Wednesday, 31 October 2007

NaBloPoMo: It Begins

I'm too much of a wuss to commit to NaNoWriMo, but I figured I could kick myself into action and write here for you lovely people every day next month. Tomorrow. It's only a small start, but maybe next year my life won't be so hectic and I'll be able to start on a novel of my very own.

Baby steps, as they say. Let the blogging begin!

Monday, 22 October 2007

I don't understand.

Let me preface this by saying that pedestrians are allowed to cross the street at any point on the road; safe crossings are made available but people don't legally have to use them. Cars have to stop for pedestrians at all times, and they always have the right of way, regardless of their location in the road. That is my understanding of the law, anyway.

I live on a side road connecting to a very busy street. It is a main thoroughfare through the town, and it is three lanes, including the bus lane. There are safe crossing points scattered all down this main road, so you never have far to walk to reach one. And as far as I'm concerned, you really don't have an excuse to cross the road without using one. Pedestrians crossing the road unsafely is a real bugbear of mine.

A few weeks ago, as I was driving along, I noticed a woman and a little boy crossing the road about a 20 second walk away from a safe crossing point. Her son (I assume) was riding a bike with training wheels, no helmet, and rode faster than she was walking. He looks to be about four or five. He got quite a bit ahead of her, in the middle of the road, made it across to the bus lane, and then crashed into the curb, falling off of his bike. I was horrified to witness this, grumbled to myself and forgot about it.

Last week, I saw this same woman with her son (on the bike, no helmet) crossing the road unsafely, this time I was on foot and walked right next to her until she crossed the road. There were many more cars on the road, and she had to flag them to stop in order to cross. The crosswalk was literally 50 meters away or less.

I probably would never say anything to her, because I think it's pretty obvious that she's making a conscious decision to disregard safety guidelines for both pedestrians and child bikers. But it still makes me cringe, and rant privately in the confines of my car.

Lots of people do this on my street, but this incident of mother and child-on-bike in particular really upsets me. Why wouldn't you take an extra minute to walk to a crosswalk, press the button, wait for the light to change, and cross in safety? I don't understand.

Are there any circumstances where you would say something to a stranger regarding her parenting choices? I couldn't imagine any comment I would make that she would react kindly to, but I hate to see this kid crossing the road so recklessly.

Monday, 8 October 2007

I hate the Mommy Olympics.

Raise your hand if you can point out the five year old who was breastfed/coslept/"worn" as opposed to the five year old who was born by c-section/bottlefed/slept alone from birth.

Anyone? Anyone? Yeah, I thought not.

So many people think that these early months and years have a bearing on the REST OF THE CHILD'S LIFE!!11!!! Sure, the early years are important, but your style of parenting needs to be taken in the long view.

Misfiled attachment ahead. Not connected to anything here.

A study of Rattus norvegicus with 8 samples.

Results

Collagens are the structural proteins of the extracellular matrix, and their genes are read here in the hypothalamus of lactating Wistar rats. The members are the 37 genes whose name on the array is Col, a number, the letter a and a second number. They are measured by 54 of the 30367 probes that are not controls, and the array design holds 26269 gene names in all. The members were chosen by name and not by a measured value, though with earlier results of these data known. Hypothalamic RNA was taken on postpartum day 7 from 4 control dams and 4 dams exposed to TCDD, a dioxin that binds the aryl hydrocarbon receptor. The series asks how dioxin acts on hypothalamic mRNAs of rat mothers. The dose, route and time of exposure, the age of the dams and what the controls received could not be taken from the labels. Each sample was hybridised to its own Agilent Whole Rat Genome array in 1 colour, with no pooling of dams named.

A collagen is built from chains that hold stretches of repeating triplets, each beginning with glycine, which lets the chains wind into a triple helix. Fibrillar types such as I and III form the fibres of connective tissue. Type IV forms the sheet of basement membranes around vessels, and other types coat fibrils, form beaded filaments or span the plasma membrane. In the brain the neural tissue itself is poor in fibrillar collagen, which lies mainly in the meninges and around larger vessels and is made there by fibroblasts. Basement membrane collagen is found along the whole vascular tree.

One of the cool things about having three kids is that I can conduct at-home experiments. I am a different sort of parent now than I was four and a half years ago, and all three of my kids have experienced different parenting choices: co-sleeping and not, cloth diapering and not, solids at four months and not, etc. They are all happy and healthy kids, and I don't think anyone would be able to figure out who got what sort of treatment during infancy.

I hate seeing anyone doubt themselves over valid parenting choices that result in happy children. Parenting is a marathon, not a sprint. We need to have the long view when raising our children, and even though the early years are intense, they are short lived.

So any of you out there who are experiencing pressure from friends, frenemies, families or in-laws who may view your parenting choices as weird or just plain "wrong," take note: YOU ARE DOING A GOOD JOB. We all make mistakes, but on the whole, I have great faith that our efforts are going to pay off. Just take one day at a time.

And, if you've succeeded in avoiding the Mommy Olympics, beware the trap that awaits you in 20 years' time: The Grandma Wars. Are you more grandmotherly than your daughter's/son's inlaws? Let the games begin!

Tuesday, 2 October 2007

Prepare to Die.

You know what makes life extra fun? It's not nine months straight of broken nights, nor is it the wonky heating that makes my bedroom hot and then you have to open a window so it gets too cold, neither is it the too-small blankets currently in use because our big one needs to be dry cleaned. These are all a bit niggly, a bit annoying, but nothing too major.

What makes all of that worse by a factor of 10 is your 4 year old child asleep in bed with you. The child that wiggles as if her life depended on it. But not just any wiggling, oh no. This is the Very Special kind of wiggling, that can only be done properly when touching Mama. The "family bed" isn't complete without tormenting your mother while you sleep.

I wasn't on my best behaviour last night, and managed to shout several times while half asleep. I can blame my tiredness, but that wouldn't be very fair. Poor kid. All she wanted was a little bit of torturing to dream by. I can't cope with torture.

So. No more funny business. The parental bed will remain childless. This way I get my much needed sleep, and I don't reduce my children to tears accidentally. Because if I'm going to be a Mean Mommy, I'd like to be awake and rational at the time!

Disclaimer: This post has been written in a haze of sleep deprivation, so please take care when reading. "Dramatic licence" and all that.